Friday, 16 October 2015

HBK leg comparison

I've be putting together 2 more HBKs for paint and I thought I'd take a quick snap to show side by side comparison of how the lower leg articulation works.

The hunchies legs are made with ball joints for the hips, ankle and an arch for knee. The basically lets you set a pose in however you like. Above you can see one it more classic robot straight the other is more at ease I'm not that adventurous what leg posing I'm more concerned with stability and a level hip joint with a forward rake.

Most of my designs use this method of leg design and after making a few I thought I'd write out what process I found to be best. You should find a hard flat surface that's out of the way to do this for me its the far corner of my pc desk as its not likely to get bumped or knocked. I also like to glue the legs just before bed time. I'd like to say its because it means the kids are out of the way but to be honest its because it stops me from tinkering with it while the glue sets.

  • First I like to test fit everything and compare it to how the in game models stand. A lot of the MWO designs don't have a locked knees but stand with the leg bent so its good to check. I design the legs to stand in this pose more or less with as much articulation as I can get without chopping out large sections of model. On legs that are really counter intuitive I add reference pencil lines
  • Then I drill pin wholes in the alignment I want then counter sink those holes to get some wriggle room. I put wire into the hole and bend the wire until it all sits correctly, the pins and friction should hold everything together at this point and you can make tweaks to get it how you want it.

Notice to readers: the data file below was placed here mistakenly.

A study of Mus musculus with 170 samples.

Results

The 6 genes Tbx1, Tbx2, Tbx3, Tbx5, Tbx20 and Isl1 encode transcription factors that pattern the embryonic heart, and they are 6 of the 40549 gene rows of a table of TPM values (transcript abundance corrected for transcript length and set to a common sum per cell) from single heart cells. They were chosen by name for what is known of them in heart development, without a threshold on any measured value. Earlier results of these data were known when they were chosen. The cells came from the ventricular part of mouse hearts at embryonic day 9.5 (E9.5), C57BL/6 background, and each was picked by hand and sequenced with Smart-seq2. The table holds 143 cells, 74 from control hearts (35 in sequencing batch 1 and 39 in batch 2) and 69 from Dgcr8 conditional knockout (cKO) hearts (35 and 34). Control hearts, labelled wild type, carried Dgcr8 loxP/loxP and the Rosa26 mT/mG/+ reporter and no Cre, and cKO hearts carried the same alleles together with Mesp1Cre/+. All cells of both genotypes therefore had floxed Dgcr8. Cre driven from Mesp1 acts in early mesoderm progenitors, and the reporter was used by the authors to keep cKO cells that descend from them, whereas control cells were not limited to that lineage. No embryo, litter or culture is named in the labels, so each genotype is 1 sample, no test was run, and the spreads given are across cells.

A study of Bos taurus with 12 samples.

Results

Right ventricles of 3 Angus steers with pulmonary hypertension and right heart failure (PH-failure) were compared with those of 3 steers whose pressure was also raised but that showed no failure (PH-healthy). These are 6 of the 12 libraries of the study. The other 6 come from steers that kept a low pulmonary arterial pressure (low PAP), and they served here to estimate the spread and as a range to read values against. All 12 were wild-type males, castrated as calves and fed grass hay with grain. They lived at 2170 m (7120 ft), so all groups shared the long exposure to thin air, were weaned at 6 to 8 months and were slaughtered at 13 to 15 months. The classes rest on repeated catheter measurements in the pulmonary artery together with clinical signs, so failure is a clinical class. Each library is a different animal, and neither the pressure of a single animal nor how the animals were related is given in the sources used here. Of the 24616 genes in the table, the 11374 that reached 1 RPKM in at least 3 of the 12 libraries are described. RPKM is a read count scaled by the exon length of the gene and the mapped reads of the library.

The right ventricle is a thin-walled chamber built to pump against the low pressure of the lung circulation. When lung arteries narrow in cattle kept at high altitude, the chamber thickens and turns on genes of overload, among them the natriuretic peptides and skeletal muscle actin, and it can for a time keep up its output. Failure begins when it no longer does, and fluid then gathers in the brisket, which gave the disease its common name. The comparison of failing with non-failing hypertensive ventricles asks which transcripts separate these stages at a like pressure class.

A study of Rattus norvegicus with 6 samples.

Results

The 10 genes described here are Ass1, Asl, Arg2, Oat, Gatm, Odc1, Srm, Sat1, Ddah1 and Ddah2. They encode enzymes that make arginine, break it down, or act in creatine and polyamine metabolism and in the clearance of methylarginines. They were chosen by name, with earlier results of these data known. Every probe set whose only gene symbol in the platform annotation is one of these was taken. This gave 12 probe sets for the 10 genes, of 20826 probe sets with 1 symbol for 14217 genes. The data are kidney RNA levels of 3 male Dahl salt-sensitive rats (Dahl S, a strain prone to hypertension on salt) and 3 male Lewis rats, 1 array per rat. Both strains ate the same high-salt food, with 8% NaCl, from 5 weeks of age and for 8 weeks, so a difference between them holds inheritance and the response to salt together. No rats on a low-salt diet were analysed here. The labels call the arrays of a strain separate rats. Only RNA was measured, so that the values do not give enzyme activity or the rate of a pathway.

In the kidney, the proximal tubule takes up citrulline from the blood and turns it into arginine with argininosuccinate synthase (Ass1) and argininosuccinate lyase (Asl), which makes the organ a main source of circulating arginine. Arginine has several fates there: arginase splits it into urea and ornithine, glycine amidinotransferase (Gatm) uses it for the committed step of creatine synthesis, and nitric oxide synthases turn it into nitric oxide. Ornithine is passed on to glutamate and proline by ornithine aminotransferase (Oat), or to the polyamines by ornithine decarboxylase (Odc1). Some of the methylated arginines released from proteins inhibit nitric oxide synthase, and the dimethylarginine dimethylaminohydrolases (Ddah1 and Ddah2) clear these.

• I glue one leg together first (2 part epoxy glue) and let it cure for 24hrs. this gives it a pretty good bond and you're not likely to break it when handling.
  • Then I glue on the hip. Now my top tip is to have it side to level with a small rake to the front 2-5 degrees. I found if you do have a a big tilt it might look fine in the intended pose but as torso rotates it'll look awkward, I guess that because in reality the hip moves to compensate. Prop the hip and leg up gingerly and allow the glue cure.
  • Last to be glued is the other leg. I do a second dry fit to make sure it fits into the hips ball joint with out pulling up or down. Then working on the hard flat surface I glue the knee and ankle at the same time you could glue the hip ball too but I like to leave it unglued from painting. I put the leg assembly together propped together with hip/leg assembly.
  • This should net you a wobble free set of legs with a level hip joint. However things can go wrong parts might get knocked while setting etc. You have some options break them apart which is risky, if you going to do that do it within 24hrs given the glue bond can actually be stronger than the resin. The other is heat the legs with a hair dryer/hot water resin with soften you should be able to bend them into the right shape (you can see it here with the elementals they are all the same model just been bent into different poses)
Its much better than trying to glue everything at once and having to prop up a big wobbly game of jenga and hope for the best. If you're really a masochist and wanted to drive yourself mad you could make a balanced jogging pose you'd need to shave some parts down and section the front foot, I reckon it would stand up with out the need for a base.

I know updates are a bit slower the kids both came down with something at more or less keep one or the other up at night crying/vomiting/coughing/fever for nine days at the same time are child care ran for the hills all of which kinda turned me into the weeping dead. I also have to remake a 3 moulds for the HBK because they became torned up super quick (silicone was too soft) and I also have to fix the seal (read make a new seal from scratch) for the vacuum pot all extra time not accounted for.